The two colossal giants of commerce are at it again. With Walmart dominating the brick and mortar stores market and Amazon taking the crown for being the undisputed king of the e-commerce industry, the two archrivals are racing to become the most dominant force in the industry.
The two companies have frequently locked horns in the past, whether it’s the race towards being the first company valued at trillion dollars or quest for unmanned home delivery of products purchased online – but the fun doesn’t stop there. Walmart has now thrown down the gauntlet to Amazon with its online entertainment arm Amazon Prime in the crosshairs, and this time Walmart means business.
Walmart Services vs. Amazon Prime
Walmart had already taken a jab at its rival in the past. When Amazon introduced its Prime membership to customers at a yearly fee of $99, Walmart attempted to compete by launching their own ShippingPass membership which was priced at a more reasonable $49 per year.
The prime membership enabled users to stream videos and music from Amazon’s online library as well as offer delivery and shipping service free of cost. On the other hand, Walmart offered its ShippingPass customers free shipping for all orders totaling $35 and above per delivery, but a lack of positive feedback and enthusiasm from the general consumer base lead to the service being scraped away altogether.
Walmart Streaming and Entertainment
Walmart’s latest shot at Amazon, however, has a lot of merit to it, primarily because this time it is teaming up with two entertainment companies in a joint venture to provide more content on Walmart’s streaming service Vudu.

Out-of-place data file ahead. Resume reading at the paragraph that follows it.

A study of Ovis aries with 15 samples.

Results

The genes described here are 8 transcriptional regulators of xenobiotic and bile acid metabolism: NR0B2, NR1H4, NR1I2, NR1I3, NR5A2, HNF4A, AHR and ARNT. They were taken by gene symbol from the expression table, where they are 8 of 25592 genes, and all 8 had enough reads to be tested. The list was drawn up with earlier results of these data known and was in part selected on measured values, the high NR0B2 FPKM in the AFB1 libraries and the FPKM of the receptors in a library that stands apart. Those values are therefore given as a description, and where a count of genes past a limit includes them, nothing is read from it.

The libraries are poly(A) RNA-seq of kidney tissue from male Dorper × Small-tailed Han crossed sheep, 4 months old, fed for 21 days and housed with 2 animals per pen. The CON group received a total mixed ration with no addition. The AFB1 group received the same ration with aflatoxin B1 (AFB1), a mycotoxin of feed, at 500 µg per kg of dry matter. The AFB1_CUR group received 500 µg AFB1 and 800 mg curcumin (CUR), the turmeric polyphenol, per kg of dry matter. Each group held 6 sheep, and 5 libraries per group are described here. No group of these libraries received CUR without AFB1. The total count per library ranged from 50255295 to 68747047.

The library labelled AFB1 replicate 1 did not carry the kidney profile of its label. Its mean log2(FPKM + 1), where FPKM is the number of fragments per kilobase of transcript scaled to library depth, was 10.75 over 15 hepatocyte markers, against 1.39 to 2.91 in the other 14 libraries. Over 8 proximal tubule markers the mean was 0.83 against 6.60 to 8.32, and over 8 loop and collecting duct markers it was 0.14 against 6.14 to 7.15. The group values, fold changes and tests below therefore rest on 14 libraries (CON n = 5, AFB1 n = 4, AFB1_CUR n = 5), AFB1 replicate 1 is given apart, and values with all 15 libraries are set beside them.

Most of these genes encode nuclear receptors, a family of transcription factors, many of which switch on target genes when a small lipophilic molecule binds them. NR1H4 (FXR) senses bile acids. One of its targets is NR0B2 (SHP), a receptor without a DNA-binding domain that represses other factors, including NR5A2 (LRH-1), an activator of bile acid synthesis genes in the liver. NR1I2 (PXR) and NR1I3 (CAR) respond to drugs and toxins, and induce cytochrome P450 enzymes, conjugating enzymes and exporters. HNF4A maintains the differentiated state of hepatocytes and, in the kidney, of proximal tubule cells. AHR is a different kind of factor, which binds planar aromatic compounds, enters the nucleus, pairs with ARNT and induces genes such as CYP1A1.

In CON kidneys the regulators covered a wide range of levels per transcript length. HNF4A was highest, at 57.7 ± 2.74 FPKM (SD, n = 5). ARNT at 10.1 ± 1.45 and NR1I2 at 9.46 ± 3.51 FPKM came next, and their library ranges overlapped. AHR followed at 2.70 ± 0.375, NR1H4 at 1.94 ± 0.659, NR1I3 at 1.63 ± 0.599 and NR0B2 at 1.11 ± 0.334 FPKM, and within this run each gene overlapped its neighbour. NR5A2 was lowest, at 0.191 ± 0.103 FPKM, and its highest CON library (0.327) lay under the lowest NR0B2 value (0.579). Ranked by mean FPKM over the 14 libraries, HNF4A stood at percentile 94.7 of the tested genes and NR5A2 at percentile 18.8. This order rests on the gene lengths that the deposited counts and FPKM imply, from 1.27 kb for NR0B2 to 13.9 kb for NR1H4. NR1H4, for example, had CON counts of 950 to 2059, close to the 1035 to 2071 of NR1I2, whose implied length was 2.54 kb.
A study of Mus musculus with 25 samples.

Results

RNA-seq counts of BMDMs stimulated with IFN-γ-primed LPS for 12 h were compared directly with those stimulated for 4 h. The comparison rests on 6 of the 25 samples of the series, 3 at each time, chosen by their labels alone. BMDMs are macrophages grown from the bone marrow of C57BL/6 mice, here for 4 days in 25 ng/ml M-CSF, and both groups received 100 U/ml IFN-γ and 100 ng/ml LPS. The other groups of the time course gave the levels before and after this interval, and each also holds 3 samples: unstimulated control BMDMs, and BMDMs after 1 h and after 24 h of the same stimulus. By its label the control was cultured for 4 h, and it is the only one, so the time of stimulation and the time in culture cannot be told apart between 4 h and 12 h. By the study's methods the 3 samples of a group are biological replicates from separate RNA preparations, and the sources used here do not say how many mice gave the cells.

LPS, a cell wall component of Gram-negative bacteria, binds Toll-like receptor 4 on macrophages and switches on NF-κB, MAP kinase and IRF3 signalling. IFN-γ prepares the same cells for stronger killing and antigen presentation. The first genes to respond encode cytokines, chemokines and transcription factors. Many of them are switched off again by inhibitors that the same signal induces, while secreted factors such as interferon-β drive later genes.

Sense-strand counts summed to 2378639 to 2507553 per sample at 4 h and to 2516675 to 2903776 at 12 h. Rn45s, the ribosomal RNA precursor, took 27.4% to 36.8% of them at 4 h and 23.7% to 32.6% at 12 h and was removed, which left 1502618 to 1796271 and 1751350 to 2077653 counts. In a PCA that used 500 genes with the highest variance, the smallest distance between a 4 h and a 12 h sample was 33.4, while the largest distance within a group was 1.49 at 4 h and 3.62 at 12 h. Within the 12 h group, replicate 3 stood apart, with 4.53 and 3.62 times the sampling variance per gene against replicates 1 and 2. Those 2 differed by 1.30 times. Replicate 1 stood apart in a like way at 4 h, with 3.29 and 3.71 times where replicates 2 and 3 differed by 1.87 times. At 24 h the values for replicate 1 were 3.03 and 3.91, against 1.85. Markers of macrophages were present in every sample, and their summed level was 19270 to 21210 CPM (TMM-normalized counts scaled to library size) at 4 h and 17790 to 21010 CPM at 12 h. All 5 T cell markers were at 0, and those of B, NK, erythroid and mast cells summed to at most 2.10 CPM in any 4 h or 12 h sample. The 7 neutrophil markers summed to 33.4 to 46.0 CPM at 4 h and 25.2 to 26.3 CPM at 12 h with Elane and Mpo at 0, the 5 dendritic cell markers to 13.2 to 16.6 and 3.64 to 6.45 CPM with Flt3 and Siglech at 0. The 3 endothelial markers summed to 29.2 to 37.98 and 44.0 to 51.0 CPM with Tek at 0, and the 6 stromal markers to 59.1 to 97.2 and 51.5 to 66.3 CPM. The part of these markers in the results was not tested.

Vudu is an ad-supported streaming application service that enables users to buy, rent or watch movies and series online. Walmart is now hard at work to produce short-form original series, in collaboration with its entertainment partners, which are expected to premier next year on Vudu and Movies On Us.
Walmart has partnered with entertainment icons like MGM in order to come up with a new video-on-demand service that is expected to rival the likes of Amazon Prime and Netflix.
Vudu was initially purchased by Walmart’s movies and music aficionados eight years ago as a response to declining interest in physical DVDs and CDs. The acquisition was in a bid to ensure that customers continued to rent or buy music and movies from Walmart, either in the form of physical copies or using the online library platform.
The deal between Walmart and MGM will enable the entertainment company to produce content exclusively for Vudu and Movies on Us (another ad-supported service by Walmart) with the first original series expected to debut in the first quarter of 2019.
Revolutionizing the Art of Storytelling
Walmart aims to make a big splash in the entertainment industry, and one way to achieve this is by completely revolutionize how viewer gets to experience the different aspects of a story, and this is where Walmart is making big strides.
The company is teaming up with Eko to produce interactive video and graphical content which shall allow the viewer to also be an intricate part of the story plot, revolutionizing the art of storytelling.
The joint venture shall see the two companies producing a whole host of different types of content ranging from TV shows to short skits and cooking shows along with interactive catalogs of various Walmart products including the kid’s toy section.
According to the CEO of Eko, the interactive element of the story shall put the viewer in control and enable him to become the hero of a story by including him in the decision making process that would ultimately change the plot of the story as a whole.
Walmart hopes that this new $250 million partnership will allow a more interactive relationship not only with its viewers but it’s customer base as a whole, allowing the company to foster an even stronger bond with its consumers along with the ability to attract and engage a new demographic of customers and audiences who together shall help Walmart build an entertainment ecosystem with services and content to rival those of competitors like Netflix and Amazon.